Google employee, James Damore, was terminated over an anti-diversity manifesto he wrote in July 2017. In it, he claimed "Differences in distributions of traits between men and women may in part explain why we don't have 50 percent representation of women in tech and leadership. Discrimination to reach equal representation is unfair, divisive, and bad for business." as well as other statements arguing it's biology which contributes to the lack of women in technological industries. Although this topic has been widely discussed and researched, Damore's memo sparked quite the conversation.
The response from Damore's memo was mixed, even from the scientific community. Sexual Neuroscientist, Debra W. Soh weighed in on the memo, stating "Within the field of neuroscience, sex differences between women and men—when it comes to brain structure and function and associated differences in personality and occupational preferences—are understood to be true, because the evidence for them (thousands of studies) is strong. This is not information that's considered controversial or up for debate; if you tried to argue otherwise, or for purely social influences, you'd be laughed at."
On the other side of the discussion, Social Scientist and Psychologist, Rosalind Barnett, shared the following perspective: "The widely held belief that boys are naturally better than girls at math and science is unraveling among serious scientists. Evidence is mounting that girls are every bit as competent as boys in these areas."
Evolutionary Biologist, Suzanne Sadedin, adds to this and questions, "At what point did we jump from talking about personalities to abilities? It's a massive leap to conclude that a slight difference in average personality must undermine women's professional abilities in software engineering."
So what does the science say?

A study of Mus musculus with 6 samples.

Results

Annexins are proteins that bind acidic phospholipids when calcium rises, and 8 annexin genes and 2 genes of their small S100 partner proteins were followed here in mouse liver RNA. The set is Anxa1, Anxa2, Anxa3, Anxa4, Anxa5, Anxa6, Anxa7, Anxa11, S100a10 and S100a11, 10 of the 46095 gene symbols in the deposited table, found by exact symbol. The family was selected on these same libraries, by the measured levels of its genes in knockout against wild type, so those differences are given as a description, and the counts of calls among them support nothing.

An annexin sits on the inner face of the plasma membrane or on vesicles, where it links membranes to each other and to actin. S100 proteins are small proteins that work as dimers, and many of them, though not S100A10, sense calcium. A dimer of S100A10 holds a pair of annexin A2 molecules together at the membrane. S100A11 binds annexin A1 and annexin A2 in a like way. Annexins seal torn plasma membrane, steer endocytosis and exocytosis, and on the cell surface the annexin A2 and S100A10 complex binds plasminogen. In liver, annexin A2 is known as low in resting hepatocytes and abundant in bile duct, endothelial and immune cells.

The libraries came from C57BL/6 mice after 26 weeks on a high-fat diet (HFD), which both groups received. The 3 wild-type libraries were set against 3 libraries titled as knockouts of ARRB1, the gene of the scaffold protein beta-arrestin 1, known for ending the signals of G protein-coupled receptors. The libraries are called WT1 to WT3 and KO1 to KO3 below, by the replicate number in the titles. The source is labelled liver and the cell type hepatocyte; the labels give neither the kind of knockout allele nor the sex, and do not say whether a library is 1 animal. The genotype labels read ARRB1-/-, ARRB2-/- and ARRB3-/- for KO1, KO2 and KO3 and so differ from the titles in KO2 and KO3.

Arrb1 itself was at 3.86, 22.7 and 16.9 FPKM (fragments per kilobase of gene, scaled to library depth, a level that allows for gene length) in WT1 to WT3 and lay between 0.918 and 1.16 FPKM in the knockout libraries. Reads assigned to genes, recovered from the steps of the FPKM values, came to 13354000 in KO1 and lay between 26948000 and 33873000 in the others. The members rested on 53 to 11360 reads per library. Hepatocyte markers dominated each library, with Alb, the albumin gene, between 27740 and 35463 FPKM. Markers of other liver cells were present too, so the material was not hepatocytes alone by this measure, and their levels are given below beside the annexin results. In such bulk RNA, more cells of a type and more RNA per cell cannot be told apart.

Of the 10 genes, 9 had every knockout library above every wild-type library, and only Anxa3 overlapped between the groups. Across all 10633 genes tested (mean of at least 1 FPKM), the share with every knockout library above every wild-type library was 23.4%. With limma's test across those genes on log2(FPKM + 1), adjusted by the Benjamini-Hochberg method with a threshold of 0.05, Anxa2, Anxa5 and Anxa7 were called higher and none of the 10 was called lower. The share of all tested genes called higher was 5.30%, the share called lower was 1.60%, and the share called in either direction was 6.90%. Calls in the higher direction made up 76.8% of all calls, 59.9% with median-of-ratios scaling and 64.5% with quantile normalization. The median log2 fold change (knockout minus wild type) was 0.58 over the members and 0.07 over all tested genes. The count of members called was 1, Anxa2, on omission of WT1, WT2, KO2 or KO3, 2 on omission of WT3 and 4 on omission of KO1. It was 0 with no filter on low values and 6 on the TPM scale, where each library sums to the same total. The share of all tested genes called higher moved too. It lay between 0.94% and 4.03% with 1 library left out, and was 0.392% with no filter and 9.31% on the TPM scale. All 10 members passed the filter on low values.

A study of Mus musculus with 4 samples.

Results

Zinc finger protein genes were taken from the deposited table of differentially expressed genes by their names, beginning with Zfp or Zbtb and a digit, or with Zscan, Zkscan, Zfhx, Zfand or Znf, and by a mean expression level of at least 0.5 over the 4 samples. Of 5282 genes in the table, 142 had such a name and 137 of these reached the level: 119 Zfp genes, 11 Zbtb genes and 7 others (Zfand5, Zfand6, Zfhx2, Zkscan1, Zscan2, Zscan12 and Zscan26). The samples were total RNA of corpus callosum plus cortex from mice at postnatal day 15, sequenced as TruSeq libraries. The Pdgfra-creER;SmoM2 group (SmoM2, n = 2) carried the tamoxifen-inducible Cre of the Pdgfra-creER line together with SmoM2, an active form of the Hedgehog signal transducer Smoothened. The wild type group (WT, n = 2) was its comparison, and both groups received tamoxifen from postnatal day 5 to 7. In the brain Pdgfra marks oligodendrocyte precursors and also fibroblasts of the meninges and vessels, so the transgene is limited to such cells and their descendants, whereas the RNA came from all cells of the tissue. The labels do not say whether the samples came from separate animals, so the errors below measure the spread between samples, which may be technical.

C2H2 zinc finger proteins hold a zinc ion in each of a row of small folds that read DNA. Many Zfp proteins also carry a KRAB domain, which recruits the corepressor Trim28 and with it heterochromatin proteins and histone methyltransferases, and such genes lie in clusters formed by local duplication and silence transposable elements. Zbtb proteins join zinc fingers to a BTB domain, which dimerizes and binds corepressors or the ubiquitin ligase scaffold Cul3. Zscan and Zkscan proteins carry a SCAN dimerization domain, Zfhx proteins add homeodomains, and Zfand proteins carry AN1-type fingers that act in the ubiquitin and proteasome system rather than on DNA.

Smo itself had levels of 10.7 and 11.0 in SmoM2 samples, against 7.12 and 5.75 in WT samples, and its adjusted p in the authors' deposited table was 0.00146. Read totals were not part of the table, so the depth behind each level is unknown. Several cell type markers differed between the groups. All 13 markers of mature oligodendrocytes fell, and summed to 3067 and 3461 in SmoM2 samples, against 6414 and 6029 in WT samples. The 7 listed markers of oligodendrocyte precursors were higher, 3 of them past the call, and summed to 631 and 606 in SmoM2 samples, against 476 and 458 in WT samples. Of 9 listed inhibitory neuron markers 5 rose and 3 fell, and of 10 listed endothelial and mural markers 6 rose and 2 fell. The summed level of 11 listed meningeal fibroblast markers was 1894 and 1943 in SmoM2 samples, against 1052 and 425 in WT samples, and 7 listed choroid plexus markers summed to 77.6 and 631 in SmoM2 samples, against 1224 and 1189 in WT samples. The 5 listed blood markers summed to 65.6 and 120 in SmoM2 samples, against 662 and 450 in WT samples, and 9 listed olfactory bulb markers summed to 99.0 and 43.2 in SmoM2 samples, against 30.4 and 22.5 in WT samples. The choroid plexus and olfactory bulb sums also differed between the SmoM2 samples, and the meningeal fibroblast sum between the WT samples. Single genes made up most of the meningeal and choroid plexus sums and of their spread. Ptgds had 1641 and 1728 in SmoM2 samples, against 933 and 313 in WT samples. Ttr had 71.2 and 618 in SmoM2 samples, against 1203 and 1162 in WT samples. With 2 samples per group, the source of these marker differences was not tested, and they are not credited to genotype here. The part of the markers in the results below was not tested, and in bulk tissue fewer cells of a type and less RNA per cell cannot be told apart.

One study published by Ceci et al. (2009), reviewed more than 400 articles exploring the causes of women's underrepresentation in STEM fields, including biological as well as social factors. In their abstract, they state: "Biological evidence is contradictory and inconclusive. Although cross-cultural and cross-cohort differences suggest a powerful effect of sociocultural context, evidence for specific factors is inconsistent and contradictory."
Another study from the American Association of University Women (AAUW) in 2010 concluded: "Why are so few women in science, technology, engineering, and mathematics? The answer lies in part in our perceptions and unconscious beliefs about gender in mathematics and science. Luckily, stereotypes, bias, and other cultural beliefs can change; often the very act of identifying a stereotype or bias begins the process of dismantling it."
It seems this bias exists on both sides. Social Psychologist, Mahzarin Banaji, states "Often we hear from girls that it's not that they can't do math; it's that they don't identify with it. And that's critical—when you don't see yourself connected to a particular path, whether it is math-science or motherhood, the likelihood is that you will steer clear of it."